If, then, we regard the development of Christian doctrine as a result, progressively realised in the more explicit teaching and belief of divinely revealed truths, it may be defined to be an aggregate of judgments normally evolved out of ideas that were conveyed as integral unities by the teaching of the Apostles, and which judgments have been guaranteed as infallibly true by the Divine authority of the Catholic Church.


The following from the pen of the Rev. J.B. Morris very appositely illustrates the matter treated of in the foregoing chapter: --

"If the parts of so vast a system as that of the Gospel is, appeared, after all the pains which reason enlightened by faith could bestow upon it, still to be inconsistent, even then such inconsistency would not be a sufficient ground for rejecting it. A system professing, as that of the Church's teaching does, to come from God, if rejected, must not be rejected for what to weak mortals appeared internal inconsistencies, but for want of sufficient external evidences.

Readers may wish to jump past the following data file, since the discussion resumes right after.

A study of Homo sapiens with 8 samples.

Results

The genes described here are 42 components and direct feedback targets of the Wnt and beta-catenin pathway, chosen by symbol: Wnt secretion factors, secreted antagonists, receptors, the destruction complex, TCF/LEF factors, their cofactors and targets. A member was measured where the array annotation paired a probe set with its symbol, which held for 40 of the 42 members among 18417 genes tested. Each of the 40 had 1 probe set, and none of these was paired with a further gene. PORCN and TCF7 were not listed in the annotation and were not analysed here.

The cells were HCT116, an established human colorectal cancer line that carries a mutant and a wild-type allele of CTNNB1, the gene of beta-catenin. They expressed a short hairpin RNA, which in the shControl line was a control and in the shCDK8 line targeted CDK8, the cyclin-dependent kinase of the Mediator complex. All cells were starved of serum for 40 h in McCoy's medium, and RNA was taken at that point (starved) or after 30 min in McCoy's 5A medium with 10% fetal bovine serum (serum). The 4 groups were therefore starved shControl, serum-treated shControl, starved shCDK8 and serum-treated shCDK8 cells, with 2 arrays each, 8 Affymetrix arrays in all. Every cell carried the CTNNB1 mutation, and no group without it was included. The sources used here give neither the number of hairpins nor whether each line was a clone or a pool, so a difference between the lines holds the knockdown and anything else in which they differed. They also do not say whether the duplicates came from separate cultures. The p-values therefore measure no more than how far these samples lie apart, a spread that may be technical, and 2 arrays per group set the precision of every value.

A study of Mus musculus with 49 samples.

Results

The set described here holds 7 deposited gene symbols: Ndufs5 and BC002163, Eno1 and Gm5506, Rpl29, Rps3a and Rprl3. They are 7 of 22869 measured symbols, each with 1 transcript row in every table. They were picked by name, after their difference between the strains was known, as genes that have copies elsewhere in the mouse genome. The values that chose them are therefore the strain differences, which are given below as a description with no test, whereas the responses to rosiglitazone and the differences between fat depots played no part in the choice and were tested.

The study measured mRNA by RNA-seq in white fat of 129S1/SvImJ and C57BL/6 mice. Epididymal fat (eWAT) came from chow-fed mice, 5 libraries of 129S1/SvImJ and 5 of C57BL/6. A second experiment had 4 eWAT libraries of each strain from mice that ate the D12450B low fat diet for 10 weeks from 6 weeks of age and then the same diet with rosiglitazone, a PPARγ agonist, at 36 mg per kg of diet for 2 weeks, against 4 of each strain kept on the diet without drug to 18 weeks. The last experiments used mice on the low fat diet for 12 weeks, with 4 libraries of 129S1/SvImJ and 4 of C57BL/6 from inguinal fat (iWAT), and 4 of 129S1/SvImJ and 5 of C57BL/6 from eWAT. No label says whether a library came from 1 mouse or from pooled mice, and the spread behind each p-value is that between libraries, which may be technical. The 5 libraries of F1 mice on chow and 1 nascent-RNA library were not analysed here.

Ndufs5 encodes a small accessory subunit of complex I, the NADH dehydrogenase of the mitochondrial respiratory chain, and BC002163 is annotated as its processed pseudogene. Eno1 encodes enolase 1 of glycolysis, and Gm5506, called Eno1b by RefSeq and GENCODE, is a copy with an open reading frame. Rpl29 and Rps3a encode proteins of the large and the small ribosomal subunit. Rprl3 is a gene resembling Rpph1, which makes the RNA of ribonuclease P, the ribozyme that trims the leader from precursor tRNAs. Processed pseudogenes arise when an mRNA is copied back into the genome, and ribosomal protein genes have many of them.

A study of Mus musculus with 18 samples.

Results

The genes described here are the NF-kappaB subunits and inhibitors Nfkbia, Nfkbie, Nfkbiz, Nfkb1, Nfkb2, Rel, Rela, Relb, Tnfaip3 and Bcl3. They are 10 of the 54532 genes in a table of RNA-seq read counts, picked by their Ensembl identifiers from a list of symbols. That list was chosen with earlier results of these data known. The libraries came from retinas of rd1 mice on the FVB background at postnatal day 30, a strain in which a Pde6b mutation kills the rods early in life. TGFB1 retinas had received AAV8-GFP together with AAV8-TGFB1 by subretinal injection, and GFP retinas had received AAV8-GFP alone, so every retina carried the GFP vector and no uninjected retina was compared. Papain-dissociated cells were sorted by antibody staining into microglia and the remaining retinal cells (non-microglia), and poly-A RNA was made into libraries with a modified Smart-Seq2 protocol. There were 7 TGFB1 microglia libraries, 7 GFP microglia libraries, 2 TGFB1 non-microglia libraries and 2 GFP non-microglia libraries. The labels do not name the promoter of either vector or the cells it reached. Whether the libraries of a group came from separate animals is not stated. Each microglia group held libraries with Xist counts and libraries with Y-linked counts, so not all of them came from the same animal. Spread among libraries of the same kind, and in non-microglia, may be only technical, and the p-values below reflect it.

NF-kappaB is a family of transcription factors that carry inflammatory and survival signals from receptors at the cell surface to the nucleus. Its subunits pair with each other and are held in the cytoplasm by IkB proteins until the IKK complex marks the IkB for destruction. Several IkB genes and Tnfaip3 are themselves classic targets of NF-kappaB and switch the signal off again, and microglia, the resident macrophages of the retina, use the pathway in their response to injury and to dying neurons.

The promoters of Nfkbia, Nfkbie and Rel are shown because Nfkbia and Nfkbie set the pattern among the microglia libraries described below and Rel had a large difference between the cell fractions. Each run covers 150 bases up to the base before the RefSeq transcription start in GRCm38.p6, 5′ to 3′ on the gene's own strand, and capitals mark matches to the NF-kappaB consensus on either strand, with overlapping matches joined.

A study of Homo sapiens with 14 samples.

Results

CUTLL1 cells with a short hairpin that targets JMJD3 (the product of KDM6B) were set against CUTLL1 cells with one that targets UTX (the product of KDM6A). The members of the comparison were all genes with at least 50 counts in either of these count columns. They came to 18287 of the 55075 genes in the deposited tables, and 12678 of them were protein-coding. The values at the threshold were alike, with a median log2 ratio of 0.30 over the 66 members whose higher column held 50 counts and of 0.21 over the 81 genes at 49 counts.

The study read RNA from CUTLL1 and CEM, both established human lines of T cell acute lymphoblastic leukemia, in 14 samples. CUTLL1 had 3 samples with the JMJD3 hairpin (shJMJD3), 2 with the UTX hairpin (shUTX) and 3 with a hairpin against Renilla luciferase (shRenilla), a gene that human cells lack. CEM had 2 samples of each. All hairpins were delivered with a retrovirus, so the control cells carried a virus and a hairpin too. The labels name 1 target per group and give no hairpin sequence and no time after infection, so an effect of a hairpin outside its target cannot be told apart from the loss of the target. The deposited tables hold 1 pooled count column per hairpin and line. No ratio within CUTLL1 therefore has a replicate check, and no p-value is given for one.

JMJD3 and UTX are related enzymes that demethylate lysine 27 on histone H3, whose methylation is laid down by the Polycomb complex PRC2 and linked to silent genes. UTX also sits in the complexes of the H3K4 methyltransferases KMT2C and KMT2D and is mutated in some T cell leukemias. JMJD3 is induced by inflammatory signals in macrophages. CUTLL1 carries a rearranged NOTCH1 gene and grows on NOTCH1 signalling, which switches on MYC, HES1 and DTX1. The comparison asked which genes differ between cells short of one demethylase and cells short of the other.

"But as the case at present stands, there is the greatest internal consistency in the Catholic system to the patient and close observer of it; and especially between the doctrine of the Incarnation and the veneration we pay to the Mother of God. Now though internal consistency when bereft of external proof may be worth very little, as certain systems of philosophy may perhaps prove, still it can scarce be made a question that when there is some sort of external proof, the internal consistency will to the generality form an additional proof. For people would not object to a system, 'that it is inconsistent,' if they did not feel that consistency was some sort of proof... If it appears that a correct (though partial) idea of our doctrine of the Incarnation paves the way to our doctrine and practice in regard to our Lady, then the internal connection between the two will be seen and acknowledged. What I am insisting on here is, that the former paves the way to the latter, to which I wish to draw particular attention, for reasons I shall now proceed to state.